Wednesday, February 6, 2013

Global Eyes (or "Globalize")

Hi everyone!

Lately, I've been going through all my pictures from my semester abroad to choose the three I have now entered into a study abroad photography contest at St. Mike's called "Global Eyes." Before I left to go abroad, the director of Study Abroad Peggy Imai told all of us students going abroad about the contest details.  Returnees are allowed to enter a maximum of three pictures into these categories:

- City Life
- Creative/Artistic
- Culture Most Distinct from SMC
- Landscape
- Nature and the Environment
- People and the Human Spirit
- Politics/Peace and Justice
- The Essence of Study Abroad

With those categories in mind, I photographed away, taking pictures not only on tours and of myself and my friends, but also of random people and details that others may not have noticed.  The judging will take place later in the spring, and contest photos are displayed in the Daily Room in Durick Library.

I took at least 1000 photos or more abroad, so needless to say, the elimination process was tough. With the help of some of my friends, I was able to narrow it down to the three pictures I would enter.  Here are the three I have chosen.  The descriptions accompanying them are also the descriptions I also provided on my entrance forms.


The day my tour group and I visited St. Peter’s Basilica in Rome, Italy, was a beautiful, sunny day.  Not only was I struck by the beauty of the architecture inside the basilica, but the light streaming through the windows created an almost heavenly atmosphere.  As my Czech professor spoke about the features of the inside of the church and urged us to go “steal pictures” of the deceased pope displayed in the church, I could not help but stare in wonder at the natural light that created such an awe-inspiring scene.

People and the Human Spirit:

In Venice, we stayed in a hotel near the main canal.  Every day, my friends and I would leave our hotel and see an old man playing an old, battered violin.  He would greet us with a polite “Buongiorno” in the morning while he played a beautiful solo, and he would still be there in the evening playing the same melody.  “Buona sera,” he would greet us (“Good evening”). He never collected much money in his violin case, but he would be there every day without fail in the same location playing the same tune.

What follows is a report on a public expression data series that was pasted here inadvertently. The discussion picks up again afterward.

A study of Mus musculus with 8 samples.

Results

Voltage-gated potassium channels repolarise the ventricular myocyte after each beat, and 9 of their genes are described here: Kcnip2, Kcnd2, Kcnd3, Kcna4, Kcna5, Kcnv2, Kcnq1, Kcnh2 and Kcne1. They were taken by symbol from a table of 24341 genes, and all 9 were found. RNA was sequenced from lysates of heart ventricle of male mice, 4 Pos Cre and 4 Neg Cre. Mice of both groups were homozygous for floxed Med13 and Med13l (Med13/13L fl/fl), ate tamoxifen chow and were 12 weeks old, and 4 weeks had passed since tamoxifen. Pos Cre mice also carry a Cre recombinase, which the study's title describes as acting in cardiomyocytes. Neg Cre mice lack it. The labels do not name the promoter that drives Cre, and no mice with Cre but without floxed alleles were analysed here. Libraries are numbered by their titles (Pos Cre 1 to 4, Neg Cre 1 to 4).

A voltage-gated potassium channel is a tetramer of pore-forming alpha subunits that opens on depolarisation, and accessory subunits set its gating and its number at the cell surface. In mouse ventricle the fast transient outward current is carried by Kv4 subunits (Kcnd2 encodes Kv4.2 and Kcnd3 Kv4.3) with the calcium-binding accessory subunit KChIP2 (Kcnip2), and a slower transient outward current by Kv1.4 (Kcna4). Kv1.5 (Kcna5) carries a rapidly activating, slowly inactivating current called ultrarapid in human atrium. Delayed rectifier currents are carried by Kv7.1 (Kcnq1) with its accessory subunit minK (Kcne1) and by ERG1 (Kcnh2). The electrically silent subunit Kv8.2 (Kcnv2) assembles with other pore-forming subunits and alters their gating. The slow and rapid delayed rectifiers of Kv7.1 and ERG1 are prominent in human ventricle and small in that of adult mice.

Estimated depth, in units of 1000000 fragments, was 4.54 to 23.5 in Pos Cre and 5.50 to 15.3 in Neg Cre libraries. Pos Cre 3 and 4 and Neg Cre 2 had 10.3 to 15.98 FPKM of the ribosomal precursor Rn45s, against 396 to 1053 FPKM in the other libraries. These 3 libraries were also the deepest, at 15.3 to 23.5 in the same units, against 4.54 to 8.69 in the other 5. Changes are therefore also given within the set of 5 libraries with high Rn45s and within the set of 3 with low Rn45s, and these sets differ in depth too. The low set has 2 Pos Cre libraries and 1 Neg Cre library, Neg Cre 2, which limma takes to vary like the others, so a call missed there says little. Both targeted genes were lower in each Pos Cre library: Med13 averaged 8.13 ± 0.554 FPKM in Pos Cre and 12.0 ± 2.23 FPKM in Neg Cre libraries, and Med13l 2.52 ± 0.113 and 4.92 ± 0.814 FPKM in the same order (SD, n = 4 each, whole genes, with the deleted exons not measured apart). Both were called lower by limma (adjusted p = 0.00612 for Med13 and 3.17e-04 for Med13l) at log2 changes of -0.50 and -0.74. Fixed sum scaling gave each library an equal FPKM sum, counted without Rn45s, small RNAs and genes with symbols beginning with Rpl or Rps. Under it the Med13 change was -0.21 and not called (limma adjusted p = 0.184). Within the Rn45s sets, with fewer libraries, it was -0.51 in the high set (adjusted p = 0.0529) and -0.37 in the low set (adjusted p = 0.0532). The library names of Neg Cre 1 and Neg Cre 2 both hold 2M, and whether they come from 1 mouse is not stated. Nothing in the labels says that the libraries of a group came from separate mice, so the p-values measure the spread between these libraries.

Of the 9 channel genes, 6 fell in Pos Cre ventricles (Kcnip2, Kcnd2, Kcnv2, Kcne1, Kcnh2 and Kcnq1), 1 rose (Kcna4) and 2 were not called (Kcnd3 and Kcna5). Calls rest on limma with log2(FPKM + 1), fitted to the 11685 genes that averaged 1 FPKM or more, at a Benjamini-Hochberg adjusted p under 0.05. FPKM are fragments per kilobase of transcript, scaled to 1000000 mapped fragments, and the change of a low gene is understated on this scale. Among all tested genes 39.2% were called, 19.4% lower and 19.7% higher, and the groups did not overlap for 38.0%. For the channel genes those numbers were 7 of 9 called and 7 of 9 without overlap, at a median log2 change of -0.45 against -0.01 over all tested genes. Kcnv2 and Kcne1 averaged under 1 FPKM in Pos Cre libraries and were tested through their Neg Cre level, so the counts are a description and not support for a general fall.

The Essence of Study Abroad: 

The John Lennon Wall in Prague is one of the only places in the world where it is completely legal to graffiti. Thousands of people visit the wall every year from all over the world, meaning the colorful drawings and beautiful messages, song lyrics and inscriptions are different every time one visits.  Most of the messages center around world peace, of which John Lennon was an active advocate during his lifetime. This wall is the very essence of studying abroad as people from different cultures all over the world come together to read the messages left by past travelers and write their own for future visitors. The wall connects people, whether they realize it or not, and it is that cultural connection and curiosity that is one of the most important aspects of studying abroad. 

To see last year's contest winners, please click here.

Hope you enjoy the photos! I'm really excited for the contest and curious to see what the other returnees entered.

If you have any questions about studying abroad or about my life in general at St. Michael's, do not hesitate to email me (, Tweet me (@LizMurraySMC) or ask me a question on Formspring (lizmurray3).